House price index at odds with lenders


A new government house price index sowed further confusion over the state of the market yesterday, by showing sharply lower house price inflation this year than the big mortgage lenders have reported.

The index, published by the Office of the Deputy Prime Minister, showed that house prices increased by 14.6 per cent in the year to July - well below figures issued earlier this month by the Nationwide and Halifax, the UK's leading mortgage providers.

The government index said the rise in prices was "underpinned" by first-time buyers, further contradicting recent surveys from the mortgage lenders, who have warned of a dire shortage of new buyers entering the market. The average price paid by first-time buyers in July was £120,830, up from £114,699 in June. "The ODPM's inaugural house price has highlighted once again the uncertainty around the true state of the housing market," Alan Castle, head of economics at Lehman Brothers, said.

The new data, intended to ease concerns that the current array of indices confuse the market with conflicting messages, did corroborate one recent trend: the stark North-South divide in terms of house price inflation. Prices surged by 24.4 per cent in the North-East, against just 9.4 per cent in London. Most surveys show prices in the capital have been falling for months and the rest of the country tends to follow London's lead.

Critics of the new survey, which is based on completions rather than mortgage approvals, pointed to the historic nature of the figures and the fact that they are not seasonally adjusted. "The main drawback with the ODPM data is its lack of timeliness," Mr Castle said, although he added the survey's wider coverage was a "useful cross check on unofficial sources".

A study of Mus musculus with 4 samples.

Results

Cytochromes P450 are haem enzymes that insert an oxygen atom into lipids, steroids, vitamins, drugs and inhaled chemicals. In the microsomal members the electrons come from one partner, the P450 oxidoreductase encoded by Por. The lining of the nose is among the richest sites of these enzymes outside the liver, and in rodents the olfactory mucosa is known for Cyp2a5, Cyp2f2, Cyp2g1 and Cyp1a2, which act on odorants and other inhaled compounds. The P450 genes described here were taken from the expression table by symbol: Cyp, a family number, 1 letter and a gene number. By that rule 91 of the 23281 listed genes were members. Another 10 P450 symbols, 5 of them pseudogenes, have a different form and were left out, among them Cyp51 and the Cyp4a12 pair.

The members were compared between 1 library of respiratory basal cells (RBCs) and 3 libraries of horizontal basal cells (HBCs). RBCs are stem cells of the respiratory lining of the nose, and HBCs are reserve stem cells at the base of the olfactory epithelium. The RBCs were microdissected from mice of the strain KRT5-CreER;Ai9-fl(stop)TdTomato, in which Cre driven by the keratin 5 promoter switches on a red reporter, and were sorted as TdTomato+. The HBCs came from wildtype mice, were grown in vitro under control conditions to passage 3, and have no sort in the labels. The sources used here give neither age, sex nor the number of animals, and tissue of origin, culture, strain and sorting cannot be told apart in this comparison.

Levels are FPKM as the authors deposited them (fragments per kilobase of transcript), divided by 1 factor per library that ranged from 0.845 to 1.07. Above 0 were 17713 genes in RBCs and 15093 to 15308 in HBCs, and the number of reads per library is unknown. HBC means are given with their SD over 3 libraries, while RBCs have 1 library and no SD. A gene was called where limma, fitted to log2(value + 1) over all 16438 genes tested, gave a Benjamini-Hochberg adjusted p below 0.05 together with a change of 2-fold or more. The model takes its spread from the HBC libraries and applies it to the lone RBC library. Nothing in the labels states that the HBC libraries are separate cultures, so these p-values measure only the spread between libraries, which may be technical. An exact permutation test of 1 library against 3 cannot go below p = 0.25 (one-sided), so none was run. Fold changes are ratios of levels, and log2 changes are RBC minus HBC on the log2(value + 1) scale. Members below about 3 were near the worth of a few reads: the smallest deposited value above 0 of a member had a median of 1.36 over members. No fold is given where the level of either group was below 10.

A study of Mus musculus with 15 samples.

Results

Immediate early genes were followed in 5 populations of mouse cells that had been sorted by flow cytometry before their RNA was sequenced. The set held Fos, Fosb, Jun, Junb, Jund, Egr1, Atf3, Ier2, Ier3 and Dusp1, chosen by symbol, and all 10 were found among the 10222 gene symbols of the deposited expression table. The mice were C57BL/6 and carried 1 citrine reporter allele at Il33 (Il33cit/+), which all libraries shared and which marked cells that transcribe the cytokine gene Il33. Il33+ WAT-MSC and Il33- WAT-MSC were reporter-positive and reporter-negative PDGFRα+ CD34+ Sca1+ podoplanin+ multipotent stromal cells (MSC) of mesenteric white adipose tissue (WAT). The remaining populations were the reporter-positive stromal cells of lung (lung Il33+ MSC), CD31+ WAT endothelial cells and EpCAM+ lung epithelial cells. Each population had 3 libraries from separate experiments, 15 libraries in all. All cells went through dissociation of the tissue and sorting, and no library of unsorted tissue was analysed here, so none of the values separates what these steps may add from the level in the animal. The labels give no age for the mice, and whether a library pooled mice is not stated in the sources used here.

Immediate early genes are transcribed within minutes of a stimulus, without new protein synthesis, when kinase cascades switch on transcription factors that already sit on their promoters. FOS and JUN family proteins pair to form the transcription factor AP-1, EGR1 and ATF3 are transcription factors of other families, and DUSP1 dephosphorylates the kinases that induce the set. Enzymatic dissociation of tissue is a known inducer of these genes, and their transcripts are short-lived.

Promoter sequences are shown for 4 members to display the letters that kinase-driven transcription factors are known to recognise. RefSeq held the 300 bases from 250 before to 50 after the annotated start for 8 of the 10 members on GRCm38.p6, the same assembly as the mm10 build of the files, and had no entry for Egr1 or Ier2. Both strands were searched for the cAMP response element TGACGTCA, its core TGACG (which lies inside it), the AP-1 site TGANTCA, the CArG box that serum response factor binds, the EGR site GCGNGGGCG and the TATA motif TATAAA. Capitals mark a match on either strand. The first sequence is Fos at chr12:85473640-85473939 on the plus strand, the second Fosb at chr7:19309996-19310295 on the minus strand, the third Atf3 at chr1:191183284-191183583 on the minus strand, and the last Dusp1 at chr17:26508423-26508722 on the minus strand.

Government officials said it could take a further six or seven years before the index becomes a comprehensive UK indicator, although that is its ultimate goal. It currently omits Land Registry data, which is even more historic, cash purchases, which account for 25 per cent of transactions, and official figures from Scotland and Northern Ireland.

Meanwhile, other surveys pointed to signs of strengthening in the housing market with more buyers returning to the fray. Buy-to-let investors rose in number over the summer after a hiatus, the Royal Institution of Chartered Surveyors said. In August, 13 per cent of all properties sold were to investors, compared with just 8 per cent in October 2000. And with the number of properties on the market falling for the third month in a row, RICS said competition for properties had risen along with market confidence.

This was reflected in research from the estate agents FPDSavills, which found that the number of new homes being built across the UK was flat at around 176,000 completions. "The inability of supply to meet demand means a continued upward pressure on residential values," it said.

The RICS survey also showed house prices rose in August for the first time since January. It said 8 per cent more surveyors reported a rise in prices than a fall for the three months to August compared with 2 per cent more reporting a fall in July.

There was better news, too, for landlords, in a survey published by Paragon Mortgages, one of the industry's biggest lenders, showing that rental incomes had hit a record high. It said national average rental incomes leapt 3.3 per cent in August to £9,354, bringing the increase so far this year to more than 6.4 per cent. The report also said that the profit margin on buy-to-let homes had held up after falling for two months.